Rehabbing Arroyo discusses jamming with D-backs in 2014

Right-hander, musician scheduled to start throwing for first time since surgery

Rehabbing Arroyo discusses jamming with D-backs in 2014

The Major League team that could put together the best band might reside within the D-backs clubhouse.

Right-hander Bronson Arroyo joined MLB Network's Hot Stove on Monday to talk about his health for this upcoming season, but not before talk ventured toward the club's various talented musicians. Mark Trumbo, Aaron Hill and Arroyo recently played a show onstage where Trumbo and Hill provided the guitar, and Arroyo, normally a guitar player himself, provided the vocals.

Last year, Arizona had a music room set up in its clubhouse where the trio was often joined by A.J. Pollock and Rubby De La Rosa on the drums.

Arroyo began gaining interest in music during the early 1990s after listening to Pearl Jam. He did not start playing until '99, when he was a Minor League player in the Pirates organization.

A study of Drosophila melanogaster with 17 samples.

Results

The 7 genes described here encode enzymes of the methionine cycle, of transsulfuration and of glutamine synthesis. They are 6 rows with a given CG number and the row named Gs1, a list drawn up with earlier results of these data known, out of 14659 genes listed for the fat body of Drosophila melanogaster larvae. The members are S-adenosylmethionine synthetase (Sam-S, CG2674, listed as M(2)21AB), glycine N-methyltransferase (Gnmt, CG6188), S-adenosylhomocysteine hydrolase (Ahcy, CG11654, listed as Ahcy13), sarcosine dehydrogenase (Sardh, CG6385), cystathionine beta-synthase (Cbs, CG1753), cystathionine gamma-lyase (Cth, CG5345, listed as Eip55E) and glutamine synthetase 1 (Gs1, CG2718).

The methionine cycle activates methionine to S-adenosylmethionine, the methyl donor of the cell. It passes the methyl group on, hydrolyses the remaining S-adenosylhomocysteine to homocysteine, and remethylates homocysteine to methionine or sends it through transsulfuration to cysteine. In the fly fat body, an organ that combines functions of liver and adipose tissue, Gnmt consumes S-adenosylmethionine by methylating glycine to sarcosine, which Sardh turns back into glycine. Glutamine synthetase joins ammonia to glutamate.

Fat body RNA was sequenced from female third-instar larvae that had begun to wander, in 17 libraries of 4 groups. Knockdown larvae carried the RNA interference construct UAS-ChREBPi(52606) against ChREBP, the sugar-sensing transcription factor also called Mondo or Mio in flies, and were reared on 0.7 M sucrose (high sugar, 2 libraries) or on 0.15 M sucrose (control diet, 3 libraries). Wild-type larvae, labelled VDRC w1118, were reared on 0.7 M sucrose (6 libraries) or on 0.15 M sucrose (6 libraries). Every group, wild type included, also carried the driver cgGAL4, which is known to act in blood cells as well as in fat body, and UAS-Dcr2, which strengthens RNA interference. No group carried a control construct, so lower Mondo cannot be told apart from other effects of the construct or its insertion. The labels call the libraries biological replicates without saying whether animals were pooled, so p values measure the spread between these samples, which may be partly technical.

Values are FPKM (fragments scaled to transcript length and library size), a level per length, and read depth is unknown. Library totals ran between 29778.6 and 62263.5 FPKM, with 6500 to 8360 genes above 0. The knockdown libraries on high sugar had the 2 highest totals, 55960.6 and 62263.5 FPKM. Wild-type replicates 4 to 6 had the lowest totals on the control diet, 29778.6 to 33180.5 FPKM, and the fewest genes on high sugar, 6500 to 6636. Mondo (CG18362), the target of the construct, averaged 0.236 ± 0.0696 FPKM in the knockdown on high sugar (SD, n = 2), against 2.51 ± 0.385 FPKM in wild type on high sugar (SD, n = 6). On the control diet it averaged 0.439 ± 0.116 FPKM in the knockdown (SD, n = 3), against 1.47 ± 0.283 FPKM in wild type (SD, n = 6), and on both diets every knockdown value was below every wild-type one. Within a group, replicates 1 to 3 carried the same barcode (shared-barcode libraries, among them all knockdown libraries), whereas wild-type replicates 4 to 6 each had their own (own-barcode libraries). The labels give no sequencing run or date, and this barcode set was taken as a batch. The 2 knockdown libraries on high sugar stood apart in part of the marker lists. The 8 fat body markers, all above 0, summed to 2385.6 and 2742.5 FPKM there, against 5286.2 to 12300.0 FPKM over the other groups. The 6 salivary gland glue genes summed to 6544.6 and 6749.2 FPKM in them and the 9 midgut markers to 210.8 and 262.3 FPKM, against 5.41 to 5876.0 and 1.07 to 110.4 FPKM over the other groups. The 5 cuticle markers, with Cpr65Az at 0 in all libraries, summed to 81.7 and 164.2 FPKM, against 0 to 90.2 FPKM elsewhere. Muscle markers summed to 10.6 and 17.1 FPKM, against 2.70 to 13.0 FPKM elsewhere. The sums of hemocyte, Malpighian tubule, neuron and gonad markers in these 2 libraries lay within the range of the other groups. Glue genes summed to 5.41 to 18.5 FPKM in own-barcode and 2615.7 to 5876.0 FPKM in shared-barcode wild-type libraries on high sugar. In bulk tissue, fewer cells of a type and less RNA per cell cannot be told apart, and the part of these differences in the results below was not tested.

"We would have jam sessions almost daily before the game, a couple of hours before the game," Arroyo said, "which was very unique to have that opportunity and was just a lot of fun with the guys."

Unfortunately for Arroyo, he likely had more time than he would want for music in 2014. He was limited to just 14 starts last season before being shut down in order to have Tommy John surgery, the first time he has landed on the disabled list in his 15 years in the Majors. It snapped a streak of him making at least 29 starts every year since '04.

"It was definitely tough for me," Arroyo said. "I've made my career in this game by my durability."

Arroyo, who will turn 38 in February, is signed through 2015 with a team option for '16. When Arroyo was healthy in '13, he had a 3.79 ERA in 32 starts for Cincinnati.

Arroyo has been rehabbing in Arizona, and he was scheduled to play catch for the first time on Monday. He hopes to return to the mound this summer, with June being an optimistic date, but reasonably in July sometime before the All-Star break.

"I've been beat up and found a way to get on the mound," Arroyo said. "I'm not really worried about it."

Jamal Collier is a reporter for MLB.com. Follow him on Twitter at @jamalcollier. This story was not subject to the approval of Major League Baseball or its clubs.